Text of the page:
I see American culture moving toward increasing isolation. Compared to any time in human existence, we spend more time alone.
Our paltry amount of skin-to-skin contact between parents and infants might be considered child abuse in other cultures. We talk about visiting other cultures, but even when in-person, we generally look at them from the outside through curated experiences like going to zoos. All that visiting is homogenizing culture more than learning. When I pollute someone’s environment, plunder their resources, impose my values on them, and run roughshod over their culture, I don’t want to connect with them. It would make me feel shame.
Despite our medical advances, returning longevity to ancestral levels, and such, that isolation leads to anxiety, depression, and suicide. The pollutionist view sees such results as side-effects of progress that are worth it. The alternative would be to return to the Stone Age or create a post-apocalyptic dystopia. I’ve simplified the pollutionist view of the top image in my post Is this your view of sustainability versus progress? as a spectrum:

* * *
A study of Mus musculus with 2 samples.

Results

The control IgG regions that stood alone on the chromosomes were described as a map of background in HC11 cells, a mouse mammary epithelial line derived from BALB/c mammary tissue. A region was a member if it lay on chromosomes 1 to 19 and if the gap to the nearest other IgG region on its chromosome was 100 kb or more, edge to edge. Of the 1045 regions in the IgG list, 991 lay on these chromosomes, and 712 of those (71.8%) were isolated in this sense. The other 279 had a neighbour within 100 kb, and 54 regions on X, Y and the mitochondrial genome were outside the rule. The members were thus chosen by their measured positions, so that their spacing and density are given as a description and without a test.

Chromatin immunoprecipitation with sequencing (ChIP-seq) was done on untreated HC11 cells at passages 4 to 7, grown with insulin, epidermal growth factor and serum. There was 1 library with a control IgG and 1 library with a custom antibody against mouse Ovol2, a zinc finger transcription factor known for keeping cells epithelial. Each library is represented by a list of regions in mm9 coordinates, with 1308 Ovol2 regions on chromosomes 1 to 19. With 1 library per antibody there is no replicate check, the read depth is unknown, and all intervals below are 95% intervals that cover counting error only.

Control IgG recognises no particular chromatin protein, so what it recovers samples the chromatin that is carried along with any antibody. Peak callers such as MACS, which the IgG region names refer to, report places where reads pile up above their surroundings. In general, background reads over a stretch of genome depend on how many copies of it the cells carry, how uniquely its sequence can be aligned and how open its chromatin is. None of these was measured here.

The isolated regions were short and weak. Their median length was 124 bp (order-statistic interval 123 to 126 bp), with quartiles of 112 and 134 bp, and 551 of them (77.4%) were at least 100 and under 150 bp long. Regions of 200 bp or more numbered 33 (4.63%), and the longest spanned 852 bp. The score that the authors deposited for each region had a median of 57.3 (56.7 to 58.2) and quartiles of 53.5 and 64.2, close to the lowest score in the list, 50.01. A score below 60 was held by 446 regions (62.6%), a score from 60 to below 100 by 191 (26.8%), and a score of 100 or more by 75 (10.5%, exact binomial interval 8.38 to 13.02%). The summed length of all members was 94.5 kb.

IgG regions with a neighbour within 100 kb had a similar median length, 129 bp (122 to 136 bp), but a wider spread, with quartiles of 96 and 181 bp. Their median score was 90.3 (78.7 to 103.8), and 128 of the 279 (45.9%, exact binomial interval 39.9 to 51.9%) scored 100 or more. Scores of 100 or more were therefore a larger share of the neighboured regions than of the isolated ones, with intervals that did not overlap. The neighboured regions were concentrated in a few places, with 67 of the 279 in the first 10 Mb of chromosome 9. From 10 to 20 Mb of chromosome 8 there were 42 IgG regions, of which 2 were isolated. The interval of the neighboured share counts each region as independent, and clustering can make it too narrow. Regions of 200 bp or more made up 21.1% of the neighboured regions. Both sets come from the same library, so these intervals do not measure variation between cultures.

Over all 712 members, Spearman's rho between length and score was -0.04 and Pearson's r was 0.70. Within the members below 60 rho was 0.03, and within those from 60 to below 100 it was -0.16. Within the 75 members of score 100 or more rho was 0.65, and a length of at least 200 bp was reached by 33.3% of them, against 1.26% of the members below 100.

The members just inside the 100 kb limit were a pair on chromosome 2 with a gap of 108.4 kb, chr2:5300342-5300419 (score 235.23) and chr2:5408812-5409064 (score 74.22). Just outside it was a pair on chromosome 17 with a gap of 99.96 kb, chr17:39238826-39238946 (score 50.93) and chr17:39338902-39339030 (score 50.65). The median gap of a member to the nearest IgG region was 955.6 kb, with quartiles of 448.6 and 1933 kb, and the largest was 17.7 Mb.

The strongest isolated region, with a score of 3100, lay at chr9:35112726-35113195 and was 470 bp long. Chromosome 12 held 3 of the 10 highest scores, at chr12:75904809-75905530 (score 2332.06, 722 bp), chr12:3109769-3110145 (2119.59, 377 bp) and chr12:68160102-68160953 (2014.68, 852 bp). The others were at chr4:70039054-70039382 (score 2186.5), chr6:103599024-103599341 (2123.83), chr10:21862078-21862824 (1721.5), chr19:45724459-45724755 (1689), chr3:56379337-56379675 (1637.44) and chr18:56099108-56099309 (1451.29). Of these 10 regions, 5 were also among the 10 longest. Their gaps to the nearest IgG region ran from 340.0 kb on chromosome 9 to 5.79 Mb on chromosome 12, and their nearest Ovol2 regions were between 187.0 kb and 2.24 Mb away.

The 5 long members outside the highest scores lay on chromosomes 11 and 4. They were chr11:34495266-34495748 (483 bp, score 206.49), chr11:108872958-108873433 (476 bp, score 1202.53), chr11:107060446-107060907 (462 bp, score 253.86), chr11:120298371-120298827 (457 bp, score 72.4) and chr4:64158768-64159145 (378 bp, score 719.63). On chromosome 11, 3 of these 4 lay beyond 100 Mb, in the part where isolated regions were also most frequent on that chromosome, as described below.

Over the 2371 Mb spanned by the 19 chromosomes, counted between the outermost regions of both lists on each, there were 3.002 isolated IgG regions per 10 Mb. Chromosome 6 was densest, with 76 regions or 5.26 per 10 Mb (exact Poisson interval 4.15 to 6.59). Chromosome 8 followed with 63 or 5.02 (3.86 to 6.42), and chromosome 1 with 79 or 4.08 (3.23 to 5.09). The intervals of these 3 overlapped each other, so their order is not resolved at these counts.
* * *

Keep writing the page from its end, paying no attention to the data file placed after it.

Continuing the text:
The Sustainability Spectrum
I live far from sustainably. I don’t pretend to know what it’s like to live how people in long-term sustainable non-imperialist cultures do. In many ways, I’ve learned less of them than someone there does by five years old. I have taken small steps, but I’m moving in that direction and can see a different spectrum:
Sustainable non-imperialist cultures would call what we call progress disastrous, as we know because they consider us vicious and cruel, as described in Us from their perspective. We think we’ve created comfort and convenience with washing machines and cars, but they see us as working needlessly hard, not relaxing or enjoying each other’s company.
Most of all, the alternative to what we call progress are what create value in life: mutual support, community, humility, love, and more. I haven’t gone far to this end of the spectrum, but I’ve moved enough to see it’s worth moving that way.